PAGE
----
July 6, 1964: The Beatles‘ first film, A Hard Day‘s Night, premieres in London
A Hard Day‘s Night premiered with much more fanfare than it had been shot: It screened at the London Pavilion cinema in Piccadilly Circus, with thousands of Beatles fans amassed outside (causing a giant traffic jam). But the movie had been shot cheaply and quickly; it was a blatant attempt to wring cash from Beatlemania in Europe and the United States. The black-and-white mockumentary followed John, Paul, George and Ringo through a few days on the road, with British television star Wilfrid Brambell providing constant interference as Paul’s dottering grandfather.
Nonetheless, A Hard Day‘s Night did far more than stuff the band’s wallets. The Beatles’ winning rapport and the sharp comic script, as well as several dreamy musical segments for the swooning fangirls, made the flick an immense financial and critical success. Its quick pace influenced the madcap spy flicks of mid-Sixties England (including the band’s hilarious second film, Help!), influenced music videos and the Monkees’ band-in-a-bubble television sitcom, spurred on the Beatles’ Number One single “Can’t Buy Me Love” and most important, established the group as truly multifaceted artists with the charisma and talent to steer their own careers. And Harrison benefited most of all from the film’s smash success: he met his future wife, Pattie Boyd, on set.
July 3, 1971: Jim Morrison is found dead in a bathtub in Paris
The Lizard King died an American ex-pat, like many of the Lost Generation writers he’d admired: He fell had a heart attack while in the bathtub of his Paris apartment. He was 27.
The brooding, shamanic lead singer of the Doors moved to France in early 1971 to focus on writing and to escape pressing legal issues in the States – that summer, his lawyers were preparing to contest his conviction for exposing himself onstage at a Doors concert in Miami in 1969. Morrison’s death remains a well-debated mystery, not least because the brooding frontman spoke occasionally about faking his own death and starting his life over elsewhere. As it was, no autopsy was done on his body and his girlfriend Pamela Courson reportedly gave several contradictory statements to friends and Doors manager Bill Siddons, who viewed the death certificate in Paris but was not permitted to see the singer’s body. The rest of the Doors were allegedly not informed of Morrison’s passing until after his brief funeral at Pere Lachaise cemetery in Paris, where he is buried.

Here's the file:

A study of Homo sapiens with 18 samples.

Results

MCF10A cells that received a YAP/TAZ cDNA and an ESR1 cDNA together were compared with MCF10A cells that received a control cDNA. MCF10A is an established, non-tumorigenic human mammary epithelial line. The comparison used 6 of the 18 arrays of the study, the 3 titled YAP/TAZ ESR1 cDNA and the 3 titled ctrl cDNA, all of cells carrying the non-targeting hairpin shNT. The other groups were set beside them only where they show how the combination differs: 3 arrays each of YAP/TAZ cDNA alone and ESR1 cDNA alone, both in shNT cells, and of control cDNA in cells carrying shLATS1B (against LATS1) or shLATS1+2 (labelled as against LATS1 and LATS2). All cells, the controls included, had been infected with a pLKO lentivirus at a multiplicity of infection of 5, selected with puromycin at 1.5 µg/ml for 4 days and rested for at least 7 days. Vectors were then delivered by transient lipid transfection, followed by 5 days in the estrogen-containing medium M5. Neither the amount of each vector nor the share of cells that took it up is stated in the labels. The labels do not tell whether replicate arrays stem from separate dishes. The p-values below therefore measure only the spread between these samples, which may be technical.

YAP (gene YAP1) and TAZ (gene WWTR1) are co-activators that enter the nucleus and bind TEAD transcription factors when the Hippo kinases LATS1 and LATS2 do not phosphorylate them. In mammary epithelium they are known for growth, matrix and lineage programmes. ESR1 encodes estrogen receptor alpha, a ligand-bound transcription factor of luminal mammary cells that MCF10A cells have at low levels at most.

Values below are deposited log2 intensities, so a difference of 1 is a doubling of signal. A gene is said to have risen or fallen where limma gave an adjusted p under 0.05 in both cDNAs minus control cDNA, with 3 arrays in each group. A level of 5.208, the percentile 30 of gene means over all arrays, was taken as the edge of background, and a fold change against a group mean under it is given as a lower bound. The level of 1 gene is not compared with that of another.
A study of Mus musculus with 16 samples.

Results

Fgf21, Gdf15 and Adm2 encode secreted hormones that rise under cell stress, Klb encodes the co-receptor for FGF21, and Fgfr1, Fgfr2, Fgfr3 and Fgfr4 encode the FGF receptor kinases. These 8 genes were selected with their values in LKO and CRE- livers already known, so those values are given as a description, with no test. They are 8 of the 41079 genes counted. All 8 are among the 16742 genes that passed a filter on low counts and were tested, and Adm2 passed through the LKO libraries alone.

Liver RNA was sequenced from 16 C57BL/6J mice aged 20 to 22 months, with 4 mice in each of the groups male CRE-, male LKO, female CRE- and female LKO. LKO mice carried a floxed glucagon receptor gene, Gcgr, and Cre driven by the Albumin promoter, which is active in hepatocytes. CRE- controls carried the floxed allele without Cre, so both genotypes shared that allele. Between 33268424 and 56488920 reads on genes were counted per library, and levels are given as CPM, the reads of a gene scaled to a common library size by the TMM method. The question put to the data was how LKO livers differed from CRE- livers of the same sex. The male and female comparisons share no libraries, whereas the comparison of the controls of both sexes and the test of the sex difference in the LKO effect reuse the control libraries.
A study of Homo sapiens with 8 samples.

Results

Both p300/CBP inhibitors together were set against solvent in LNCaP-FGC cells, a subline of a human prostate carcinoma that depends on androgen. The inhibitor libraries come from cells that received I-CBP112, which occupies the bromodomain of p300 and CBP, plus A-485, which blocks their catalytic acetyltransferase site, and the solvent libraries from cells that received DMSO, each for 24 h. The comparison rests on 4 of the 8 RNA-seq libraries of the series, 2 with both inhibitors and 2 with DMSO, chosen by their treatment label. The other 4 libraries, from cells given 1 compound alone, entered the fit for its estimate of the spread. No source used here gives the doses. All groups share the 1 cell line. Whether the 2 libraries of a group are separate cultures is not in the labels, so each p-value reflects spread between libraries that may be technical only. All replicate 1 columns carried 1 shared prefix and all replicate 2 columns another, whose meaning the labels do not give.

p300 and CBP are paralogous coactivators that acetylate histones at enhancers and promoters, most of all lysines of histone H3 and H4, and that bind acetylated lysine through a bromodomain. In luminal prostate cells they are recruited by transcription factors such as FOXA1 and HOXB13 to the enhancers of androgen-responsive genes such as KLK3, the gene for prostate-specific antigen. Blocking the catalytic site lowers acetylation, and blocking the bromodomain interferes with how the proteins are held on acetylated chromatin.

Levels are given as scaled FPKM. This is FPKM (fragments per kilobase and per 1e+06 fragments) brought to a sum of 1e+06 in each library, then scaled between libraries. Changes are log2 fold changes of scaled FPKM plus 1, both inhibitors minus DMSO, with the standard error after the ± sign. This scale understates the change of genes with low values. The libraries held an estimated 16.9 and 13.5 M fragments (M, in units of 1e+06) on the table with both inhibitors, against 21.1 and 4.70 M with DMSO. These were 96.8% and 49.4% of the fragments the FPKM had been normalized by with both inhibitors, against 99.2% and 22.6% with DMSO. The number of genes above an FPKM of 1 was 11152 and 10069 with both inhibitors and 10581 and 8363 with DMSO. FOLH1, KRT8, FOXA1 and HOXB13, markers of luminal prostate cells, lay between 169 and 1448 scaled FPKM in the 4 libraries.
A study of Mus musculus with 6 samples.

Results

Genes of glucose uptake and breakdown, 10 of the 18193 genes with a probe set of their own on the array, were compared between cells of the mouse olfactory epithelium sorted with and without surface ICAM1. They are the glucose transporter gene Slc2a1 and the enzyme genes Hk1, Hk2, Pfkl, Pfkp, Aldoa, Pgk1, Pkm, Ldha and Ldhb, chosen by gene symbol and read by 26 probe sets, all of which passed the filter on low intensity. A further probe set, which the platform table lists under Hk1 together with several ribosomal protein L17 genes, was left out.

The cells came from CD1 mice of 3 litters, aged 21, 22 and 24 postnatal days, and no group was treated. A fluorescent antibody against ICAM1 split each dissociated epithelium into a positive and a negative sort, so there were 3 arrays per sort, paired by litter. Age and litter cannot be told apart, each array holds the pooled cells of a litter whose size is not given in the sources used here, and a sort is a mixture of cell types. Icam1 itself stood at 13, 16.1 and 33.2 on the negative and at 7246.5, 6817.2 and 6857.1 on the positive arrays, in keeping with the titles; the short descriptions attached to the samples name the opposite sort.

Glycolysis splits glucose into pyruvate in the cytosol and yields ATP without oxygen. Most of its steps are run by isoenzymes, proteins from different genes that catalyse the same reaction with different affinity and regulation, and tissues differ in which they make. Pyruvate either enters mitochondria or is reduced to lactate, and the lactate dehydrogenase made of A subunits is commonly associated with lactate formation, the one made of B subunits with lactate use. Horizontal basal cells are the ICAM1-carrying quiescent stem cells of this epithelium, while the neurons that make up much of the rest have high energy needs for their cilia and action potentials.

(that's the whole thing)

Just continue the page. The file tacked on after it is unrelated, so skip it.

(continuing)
July 4, 1982: Ozzy Osbourne marries Sharon
Ozzy Osbourne was at a career crossroads when he took up seriously with Sharon Arden, his young and aggressive business manager. The daughter of fabled music manager Don Arden, who managed Ozzy during his tenure with metal giants Black Sabbath, Sharon was a crucial figure in launching Ozzy to solo stardom, starting with the expert team of producers and studio musicians she assembled for his successful 1980 debut, The Blizzard of Ozz.
Sharon Arden didn’t fall shy of her father’s legendarily short temper; she was said to physically assault recalcitrant promoters and scream at her major musician clients (her roster included the Smashing Pumpkins and Motörhead). She was also the pivotal figure in weaning Ozzy from his drug addictions; their family’s unusual bond became a television sensation when MTV ran their hilarious reality show The Osbournes from 2002-2005.
These days, Ozzy and Sharon enjoy careers as full-fledged media personalities – Ozzy as an amiably daft cultural icon (including his role as Rolling Stone advice columnist), and Sharon as host of America‘s Got Talent and The Talk, among other programs. Their children – Aimee, Kelly and Jack – also enjoy their own celebrity (though Aimee opted out of appearing on The Osbournes).
July 7, 1984: Prince hits Number One on the singles chart for the first time
The lead single from 1984’s Purple Rain has become Prince‘s calling card in his vast catalogue of dance offerings, and rightly so. Upon its release, “When Doves Cry” became his first Number One hit in the U.S., as well as the top-selling single of the year with over two million copies sold.
“When Doves Cry” topped the American Billboard charts for a full five weeks and peaked at Number Four in the United Kingdom. It was the last song written for the Purple Rain soundtrack and its music video provoked controversy itself: the images of his band the Revolution’s sultry dancing and the then-26-year-old singer in a bathtub was considered too explicit for television, though it ultimately ran on MTV and was nominated at their 1985 Music Video Awards.
With Purple Rain and “When Doves Cry,” Prince did the unthinkable in 1984: he became the first artist ever to hold the Number One album, single and film in the United States.
July 4, 2003: Barry White dies from kidney failure
Barry White, soul singer of depthless bass voice and romantic visions, passed away from kidney failure at age 58. It was a blow to the music community, especially soul and funk fans who followed White throughout his genre-defying career.
The Grammy-winning singer found worldwide fame as a solo singer and leader of the 40-piece Love Unlimited Orchestra in the 1970s, and was very influential in the underground dance movement that became disco. He had previously made a living as a songwriter for pop acts, including the Banana Splits, and as an A&R rep.
White’s love ballads – like “Can’t Get Enough of Your Love, Babe” – were peerless and his enthusiasm for combining R&B music with classical helped inspire numerous disco artists. He also enjoyed acting occasionally – yep, that really is his voice on The Simpsons.
White was posthumously inducted into the Dance Music Hall of Fame in 2004.